NORTH ANDOVER — Town officials are displeased with the governor's statement Tuesday that he will not change the “red zone” designation for the town because of the recent coronavirus outbreak at Merrimack College.

“I don't think it makes sense for us to change a program model for 351 cities and towns for one or two outliers,” Gov. Charlie Baker said.

 

On Sept. 30, North Andover was designated a high risk or “red” community by the state following a COVID-19 outbreak at the school, where 93 students had tested positive by that time. During that same period, only 16 cases were reported among town residents, outside of the Merrimack outbreak.

 

Last week the Board of Selectmen voted unanimously to ask Gov. Charlie Baker to reconsider the “red zone” designation for the town, pointing out that most of the college's cases occurred in a dorm that is technically in Andover. The town suggested separating the numbers at colleges and universities from towns' totals. 

After Baker's announcement, the town must wait for the state to reevaluate North Andover's risk designation next Wednesday using data from two weeks prior.

“It's an unfortunate position that the governor has taken that he will not reevaluate the red designation that has been placed on North Andover, considering that we would be green status had we not had an outbreak that was not controllable within our jurisdiction,” said Select Board Clerk Richard Vaillancourt.

 

According to Town Manager Melissa Murphy-Rodrigues, the town would need to have an average daily case rate of four to eight cases per 100,000 people in the town's population to become “yellow.” Towns become “red” if their average daily case rate over the last 14 days is more than eight cases per 100,000 people.

Rodrigues says the state concluded that North Andover had an average daily case rate of 34.5 cases per 100,000 residents when the “red” designation was assigned to the town on Sept. 30.

“Without the Merrimack cases we would be more like six,” she said.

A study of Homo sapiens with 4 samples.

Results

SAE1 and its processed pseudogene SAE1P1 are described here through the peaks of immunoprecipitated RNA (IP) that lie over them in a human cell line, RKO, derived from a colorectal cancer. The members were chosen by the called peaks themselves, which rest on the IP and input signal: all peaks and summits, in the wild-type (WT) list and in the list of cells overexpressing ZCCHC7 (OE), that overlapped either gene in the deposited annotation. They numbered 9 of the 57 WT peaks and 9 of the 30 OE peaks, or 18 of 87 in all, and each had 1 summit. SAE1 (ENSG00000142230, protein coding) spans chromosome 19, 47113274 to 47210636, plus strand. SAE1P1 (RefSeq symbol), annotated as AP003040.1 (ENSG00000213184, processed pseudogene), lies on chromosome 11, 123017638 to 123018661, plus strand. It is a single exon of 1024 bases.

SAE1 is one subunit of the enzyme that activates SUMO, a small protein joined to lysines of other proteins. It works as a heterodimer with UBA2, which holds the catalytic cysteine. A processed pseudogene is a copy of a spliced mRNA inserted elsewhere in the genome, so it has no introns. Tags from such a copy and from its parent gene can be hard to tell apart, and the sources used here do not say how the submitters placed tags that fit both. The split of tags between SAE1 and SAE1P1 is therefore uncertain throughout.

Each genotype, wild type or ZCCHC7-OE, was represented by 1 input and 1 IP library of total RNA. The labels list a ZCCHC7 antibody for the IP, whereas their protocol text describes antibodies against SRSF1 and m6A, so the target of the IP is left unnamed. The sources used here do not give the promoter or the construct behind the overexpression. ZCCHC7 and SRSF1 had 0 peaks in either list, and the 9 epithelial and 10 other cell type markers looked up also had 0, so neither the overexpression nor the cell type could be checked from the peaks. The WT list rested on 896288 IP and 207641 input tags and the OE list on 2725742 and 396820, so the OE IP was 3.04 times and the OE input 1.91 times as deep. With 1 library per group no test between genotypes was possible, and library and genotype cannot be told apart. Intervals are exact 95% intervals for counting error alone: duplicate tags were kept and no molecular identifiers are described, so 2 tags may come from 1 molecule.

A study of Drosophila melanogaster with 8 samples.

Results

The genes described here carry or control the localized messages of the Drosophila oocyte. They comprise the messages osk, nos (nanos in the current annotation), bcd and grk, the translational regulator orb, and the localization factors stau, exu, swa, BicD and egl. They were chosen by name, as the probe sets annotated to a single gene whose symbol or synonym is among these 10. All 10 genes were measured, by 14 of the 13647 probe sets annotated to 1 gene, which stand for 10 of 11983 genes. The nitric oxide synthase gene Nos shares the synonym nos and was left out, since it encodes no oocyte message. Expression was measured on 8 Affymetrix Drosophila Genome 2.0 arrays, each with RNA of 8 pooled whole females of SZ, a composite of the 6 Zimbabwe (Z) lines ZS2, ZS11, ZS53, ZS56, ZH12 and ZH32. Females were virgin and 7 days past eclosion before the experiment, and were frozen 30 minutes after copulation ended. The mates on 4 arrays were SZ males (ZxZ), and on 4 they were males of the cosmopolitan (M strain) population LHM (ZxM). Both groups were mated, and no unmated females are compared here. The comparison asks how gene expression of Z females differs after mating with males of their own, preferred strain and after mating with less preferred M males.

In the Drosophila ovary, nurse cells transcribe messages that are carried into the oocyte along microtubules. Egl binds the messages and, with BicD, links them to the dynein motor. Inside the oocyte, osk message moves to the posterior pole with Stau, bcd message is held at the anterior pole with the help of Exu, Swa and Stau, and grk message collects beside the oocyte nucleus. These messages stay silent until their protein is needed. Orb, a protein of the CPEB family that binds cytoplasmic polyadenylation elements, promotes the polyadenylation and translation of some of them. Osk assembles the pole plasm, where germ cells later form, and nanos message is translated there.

Not changing the “red” designation for North Andover means that the town can't move to Phase 3 Step 2 of the reopening process, which allows indoor and outdoor performance venues, gyms, museums and libraries to open capacity to 50% and permits the reopening of fitting rooms in retail stores, among other things.

Town officials say not moving forward in the opening process is detrimental to the town's businesses, which have not only taken a hit from the pandemic but are still recovering from the Merrimack Valley Gas Disaster of 2018.

“The town's people and the businesses have been doing the right thing and to be arbitrarily penalized ... and to be told 'We cannot make that accommodation' — I think it's hurtful to the people in this community,” said Chris Nobile, the chair of North Andover's Board of Selectmen.

He later added, “I also think that the citizens have earned this consideration. We have done the right thing as a community and our businesses have suffered, we just recovered from the Columbia Gas disaster and now you are telling places like Smolak Farms, 'You are still restricted.'”

State Sen. Diana DiZoglio of Methuen, whose district includes North Andover, said that if the governor doesn't budge on the “red” designation, then he should fund a bailout package for the small businesses in North Andover.

“As the governor knows, our small, family-owned and operated businesses struggled to remain afloat in the wake of the gas explosions and have seen these challenges only exacerbated by the COVID-19 emergency,” she said.

“While the governor and his administration loosen restrictions in other communities, this red designation is liable to have a significant, negative impact on North Andover small businesses. Outside of the contained, isolated incident at Merrimack College, North Andover has proven successful in containing COVID-19 and is committed to doing so moving forward. If the governor will not budge on the designation, I hope he is simultaneously preparing to fund a bailout for those local businesses that persevered in the face of the explosions but won’t survive this pandemic.”